A €100bn deal to shore up Spain's banking sector has boosted the euro and financial markets.
Spain's Prime Minister said the €100bn EU and IMF bailout has avoided the need for a much larger national rescue package.
The euro rose nearly 1% to $1.26694, its highest level since 23 May, before pulling back to trade at $1.2627.
Asian markets rallied overnight, with Shanghai's index 1% higher, the Hang Seng up 2.43% and the Nikkei up 2.08% on news of the deal. US futures suggest the major equity markets across the pond will also open in positive territory.
However, the move could spook markets when they open on Monday as the bailout cash will be channelled through the government’s books, adding as much as 20% to Spain’s sovereign debt, the FT reports.
Spanish Prime Minister Mariano Rajoy (pictured) hailed the rescue package as a victory for the government, which had managed to avoid a wider bailout for the country.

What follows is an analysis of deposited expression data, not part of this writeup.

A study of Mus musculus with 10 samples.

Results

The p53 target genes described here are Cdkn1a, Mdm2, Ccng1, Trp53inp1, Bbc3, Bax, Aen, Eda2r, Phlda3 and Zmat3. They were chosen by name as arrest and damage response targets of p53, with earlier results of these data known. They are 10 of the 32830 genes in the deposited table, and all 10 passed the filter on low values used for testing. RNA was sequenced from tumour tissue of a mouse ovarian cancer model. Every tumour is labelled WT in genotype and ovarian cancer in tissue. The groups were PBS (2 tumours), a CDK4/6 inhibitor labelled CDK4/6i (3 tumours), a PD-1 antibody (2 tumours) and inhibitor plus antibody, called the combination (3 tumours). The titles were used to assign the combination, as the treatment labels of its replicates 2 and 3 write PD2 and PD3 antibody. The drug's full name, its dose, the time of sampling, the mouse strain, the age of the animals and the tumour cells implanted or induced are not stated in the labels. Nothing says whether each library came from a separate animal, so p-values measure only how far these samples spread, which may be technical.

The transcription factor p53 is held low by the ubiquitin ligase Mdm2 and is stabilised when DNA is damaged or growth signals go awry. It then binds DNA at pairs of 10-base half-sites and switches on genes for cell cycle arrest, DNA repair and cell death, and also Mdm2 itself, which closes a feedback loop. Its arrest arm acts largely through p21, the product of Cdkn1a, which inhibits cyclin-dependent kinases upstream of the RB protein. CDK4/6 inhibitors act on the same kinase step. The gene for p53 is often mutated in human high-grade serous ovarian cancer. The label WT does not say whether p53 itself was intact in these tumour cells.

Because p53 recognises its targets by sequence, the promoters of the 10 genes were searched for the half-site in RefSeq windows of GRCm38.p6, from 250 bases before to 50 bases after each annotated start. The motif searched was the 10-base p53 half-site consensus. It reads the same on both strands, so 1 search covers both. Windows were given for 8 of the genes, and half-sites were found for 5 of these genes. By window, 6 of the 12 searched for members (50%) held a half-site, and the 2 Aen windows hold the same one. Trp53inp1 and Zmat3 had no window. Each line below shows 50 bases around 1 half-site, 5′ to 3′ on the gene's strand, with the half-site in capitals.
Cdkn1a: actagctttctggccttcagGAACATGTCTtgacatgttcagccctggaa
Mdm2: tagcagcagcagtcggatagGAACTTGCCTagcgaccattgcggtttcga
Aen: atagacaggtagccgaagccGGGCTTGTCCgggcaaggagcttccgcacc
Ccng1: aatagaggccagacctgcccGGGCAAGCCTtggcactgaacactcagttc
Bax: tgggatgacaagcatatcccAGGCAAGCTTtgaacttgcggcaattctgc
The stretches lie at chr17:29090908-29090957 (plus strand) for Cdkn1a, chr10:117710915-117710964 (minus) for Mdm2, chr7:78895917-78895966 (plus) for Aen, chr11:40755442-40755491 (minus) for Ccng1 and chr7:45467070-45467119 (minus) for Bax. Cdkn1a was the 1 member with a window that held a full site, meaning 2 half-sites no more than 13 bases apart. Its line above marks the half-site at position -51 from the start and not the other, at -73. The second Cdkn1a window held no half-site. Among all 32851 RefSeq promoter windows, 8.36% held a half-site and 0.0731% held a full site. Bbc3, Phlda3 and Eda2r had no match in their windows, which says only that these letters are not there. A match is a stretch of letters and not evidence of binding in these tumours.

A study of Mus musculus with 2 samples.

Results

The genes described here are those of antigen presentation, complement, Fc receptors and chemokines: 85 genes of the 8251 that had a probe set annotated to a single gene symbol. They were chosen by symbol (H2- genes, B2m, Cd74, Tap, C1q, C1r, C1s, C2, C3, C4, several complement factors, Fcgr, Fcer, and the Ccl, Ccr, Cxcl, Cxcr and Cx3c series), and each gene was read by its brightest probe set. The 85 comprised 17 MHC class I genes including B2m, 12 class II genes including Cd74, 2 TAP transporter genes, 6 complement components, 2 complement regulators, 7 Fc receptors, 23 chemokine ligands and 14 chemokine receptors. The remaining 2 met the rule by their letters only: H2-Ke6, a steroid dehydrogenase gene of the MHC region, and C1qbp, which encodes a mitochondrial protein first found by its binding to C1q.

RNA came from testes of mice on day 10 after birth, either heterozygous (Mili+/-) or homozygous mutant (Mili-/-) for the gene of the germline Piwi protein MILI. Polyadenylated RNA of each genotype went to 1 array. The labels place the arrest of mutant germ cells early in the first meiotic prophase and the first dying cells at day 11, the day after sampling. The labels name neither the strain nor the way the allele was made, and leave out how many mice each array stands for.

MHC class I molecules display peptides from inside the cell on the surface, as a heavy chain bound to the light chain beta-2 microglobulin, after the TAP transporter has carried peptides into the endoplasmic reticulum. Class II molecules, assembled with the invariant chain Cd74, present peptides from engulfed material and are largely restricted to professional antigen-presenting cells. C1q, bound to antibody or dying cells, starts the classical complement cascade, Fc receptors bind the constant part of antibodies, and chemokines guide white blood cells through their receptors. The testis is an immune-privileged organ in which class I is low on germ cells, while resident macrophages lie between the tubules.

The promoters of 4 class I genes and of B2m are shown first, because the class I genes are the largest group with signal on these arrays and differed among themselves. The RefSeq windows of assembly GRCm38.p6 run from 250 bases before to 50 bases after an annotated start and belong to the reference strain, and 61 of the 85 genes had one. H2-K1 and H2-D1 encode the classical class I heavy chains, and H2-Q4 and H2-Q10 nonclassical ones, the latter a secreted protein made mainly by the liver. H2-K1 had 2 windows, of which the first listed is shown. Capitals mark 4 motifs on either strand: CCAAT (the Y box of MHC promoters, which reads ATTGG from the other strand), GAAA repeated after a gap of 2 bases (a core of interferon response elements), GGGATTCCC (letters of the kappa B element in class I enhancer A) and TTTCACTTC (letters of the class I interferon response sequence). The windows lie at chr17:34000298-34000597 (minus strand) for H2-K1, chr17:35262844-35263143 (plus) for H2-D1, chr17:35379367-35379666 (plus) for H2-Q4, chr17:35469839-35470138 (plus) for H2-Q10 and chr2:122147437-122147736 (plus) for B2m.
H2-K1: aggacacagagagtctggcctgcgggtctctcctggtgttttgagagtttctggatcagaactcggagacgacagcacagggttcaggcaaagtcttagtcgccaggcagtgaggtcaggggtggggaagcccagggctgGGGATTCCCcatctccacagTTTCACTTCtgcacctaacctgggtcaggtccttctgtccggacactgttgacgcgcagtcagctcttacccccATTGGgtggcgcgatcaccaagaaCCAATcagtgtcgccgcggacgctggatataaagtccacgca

He told reporters in Madrid: "If we had not done what we have done in the past five months, the proposal yesterday would have been a bailout of the kingdom of Spain," he said. "It was the credibility of the euro that won," he added.
Eurozone leaders did not specify whether the money would come from the €440bn European Financial Stability Facility or the new €500bn fund European Stability Mechanism (ESM), which is due to be created next month.
Loans from the ESM take priority over all private sector debt, which could mean a significant impact for holders of Spanish sovereign debt.
International Monetary Fund managing director Christine Lagarde described the move as “a crucial step for the success of the Spanish authorities’ strategy”.
“I strongly welcome the statement by the eurogroup, which complements the measures taken by the Spanish authorities in recent weeks to strengthen the banking system.
"Providing a credible backstop to recapitalise weaker segments of the banking system has been a key recommendation of the IMF's recent Financial Sector Assessment Program (FSAP) conducted in Spain.
“This scale of proposed financing, which is consistent with the capital needs identified in the FSAP, gives assurance that the financing needs of Spain's banking system will be fully met.”
Spain is the fourth major economy to seek an international bailout since the eurozone debt crisis began, following in the footsteps of Greece, Ireland, and Portugal.